Eric Pickles today announced proposals to make it easier for people to fly flags of their choice without facing costly restrictions and red tape. The moves are intended to boost England’s local and national identities and strengthen community cohesion.
Proposals set out today will allow a much wider range of flags to be flown without the need for planning permission. Under current planning rules, only a select few flags are allowed to be flown without express permission from town hall officials. Getting this approval can incur fees of up to £335. Under the new rules, people will be able to fly a much wider range of flags including the flags of football and cricket clubs or town and village flags.
The Coalition Government will also make it easier for communities wanting to celebrate the contribution of our armed forces by easing rules on flying local regimental flags. Other local flags, and projects like environmental awards, could also all be freed up from existing bureaucratic restrictions.
The document published today will give details about proposed changes to regulations governing which flags can be flown without planning permission. If you have any views on this please send them by email to: firstname.lastname@example.org.
Mr Pickles said:
If people want to celebrate something that is important to them by flying a flag they should be able to do so without having to fill in forms or paying town hall officials for the privilege. We will make it easier for people to celebrate their allegiance to a cause, a county or a local organisation if they choose to do so.
General Secretary of the Flag Institute, Charles Ashburner said:
Flags are important to all UK societies and social groups. They are emotive symbols of unity, revolution, sport, tribalism, protest, patriotism and pride. In our super fast world of instant news and ever changing technology flags nevertheless remain the ultimate symbol of identity. I therefore welcome these proposals as potentially the most significant review of flag regulations in a generation.
Eric Pickles surprised and delighted the Flag Institute when he announced, at our Spring Meeting, his intention to liberalise flag flying in the UK. Today’s launch makes good on that promise and takes an important step towards encouraging and protecting the huge variety of different community and individual identities of which British society should be so proud.
The deregulation of flag flying regulations in the UK is something which everyone who believes in freedom of expression should support.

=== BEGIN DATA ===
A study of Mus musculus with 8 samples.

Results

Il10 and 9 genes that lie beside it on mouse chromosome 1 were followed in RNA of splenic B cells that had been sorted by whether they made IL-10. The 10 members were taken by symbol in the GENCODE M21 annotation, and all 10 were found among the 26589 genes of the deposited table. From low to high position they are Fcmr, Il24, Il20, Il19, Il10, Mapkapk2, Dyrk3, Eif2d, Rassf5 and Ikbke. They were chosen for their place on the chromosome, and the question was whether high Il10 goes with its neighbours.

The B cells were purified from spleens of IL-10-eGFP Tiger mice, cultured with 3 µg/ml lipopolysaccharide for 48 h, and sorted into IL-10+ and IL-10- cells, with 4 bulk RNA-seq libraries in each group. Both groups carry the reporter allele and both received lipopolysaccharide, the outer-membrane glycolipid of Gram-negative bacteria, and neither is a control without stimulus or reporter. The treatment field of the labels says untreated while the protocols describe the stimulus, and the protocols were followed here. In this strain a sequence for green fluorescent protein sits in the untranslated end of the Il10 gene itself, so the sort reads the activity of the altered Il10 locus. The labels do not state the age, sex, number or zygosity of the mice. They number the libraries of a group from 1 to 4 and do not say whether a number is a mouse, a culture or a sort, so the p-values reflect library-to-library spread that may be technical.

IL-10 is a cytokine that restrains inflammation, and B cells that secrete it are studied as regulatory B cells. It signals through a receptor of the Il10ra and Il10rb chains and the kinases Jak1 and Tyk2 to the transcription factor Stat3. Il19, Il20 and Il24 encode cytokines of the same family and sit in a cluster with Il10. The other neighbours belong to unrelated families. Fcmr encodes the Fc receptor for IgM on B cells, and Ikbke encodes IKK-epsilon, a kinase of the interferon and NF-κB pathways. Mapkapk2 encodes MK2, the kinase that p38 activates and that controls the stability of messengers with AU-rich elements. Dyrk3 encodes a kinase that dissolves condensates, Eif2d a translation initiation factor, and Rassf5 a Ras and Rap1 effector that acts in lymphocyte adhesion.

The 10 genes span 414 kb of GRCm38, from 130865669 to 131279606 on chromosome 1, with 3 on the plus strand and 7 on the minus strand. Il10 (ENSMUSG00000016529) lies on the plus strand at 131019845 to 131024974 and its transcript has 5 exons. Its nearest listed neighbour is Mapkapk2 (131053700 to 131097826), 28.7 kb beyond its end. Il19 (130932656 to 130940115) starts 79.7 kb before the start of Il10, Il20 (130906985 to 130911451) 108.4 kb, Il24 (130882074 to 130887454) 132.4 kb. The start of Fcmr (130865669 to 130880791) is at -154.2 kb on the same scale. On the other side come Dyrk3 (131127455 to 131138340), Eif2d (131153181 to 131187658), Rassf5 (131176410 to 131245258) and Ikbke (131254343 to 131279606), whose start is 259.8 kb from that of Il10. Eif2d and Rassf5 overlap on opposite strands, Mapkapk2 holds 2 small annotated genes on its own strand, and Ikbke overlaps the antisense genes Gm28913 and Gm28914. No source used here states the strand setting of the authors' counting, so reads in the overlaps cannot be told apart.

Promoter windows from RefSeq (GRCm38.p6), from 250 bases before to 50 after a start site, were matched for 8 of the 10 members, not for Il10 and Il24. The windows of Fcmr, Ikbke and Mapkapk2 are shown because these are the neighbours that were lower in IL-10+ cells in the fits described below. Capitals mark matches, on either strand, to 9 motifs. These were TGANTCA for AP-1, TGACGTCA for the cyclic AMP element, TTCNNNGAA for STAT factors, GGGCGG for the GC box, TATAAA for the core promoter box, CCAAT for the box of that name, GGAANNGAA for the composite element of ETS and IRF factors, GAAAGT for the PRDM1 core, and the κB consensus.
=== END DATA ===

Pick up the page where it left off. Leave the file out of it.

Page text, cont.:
Andrew Rosindell MP, Chairman of the All Party Parliamentary Flags and Heraldry Committee said:
The Flags and Heraldry Committee welcomes this consultation by DCLG to relax the rules on flags. Flags are an important part of our national and local identities and the freedom to fly them is essential to our sense of community and patriotism. We thank the Flag Institute for the extensive work they have put into developing this document.
Notes to editors
Currently the only flags allowed to be flown without consent are any country’s national flag; the European Union; the United Nations; the flag of the Commonwealth; the flag of any English county; and the flag of a patron saint which can be displayed only in the county with which the saint is associated.
Other flags can be flown with deemed consent. These are a person or organisation’s own flag or one advertising an event taking place in the building it is being flown from. These flags must be flown from a vertical flagpole on the roof of the building. Military flags will still need the permission of the relevant body (such as regiment) before being flown.
The Department’s approach is to extend the categories of flags that may be flown either without consent or with deemed consent. Any flags outside these categories will continue to be prohibited without express consent.
Flags are deemed to be advertisements and their display is therefore controlled by the Town and Country Planning (Control of Advertisements) (England) Regulations 2007 (SI 2007 No. 783). Certain flags can be flown without consent (see Schedule 1 Class H) and others can be flown with deemed consent (see Schedule 3 Class 7A). The difference is that deemed consent can be discontinued or restricted in certain circumstances.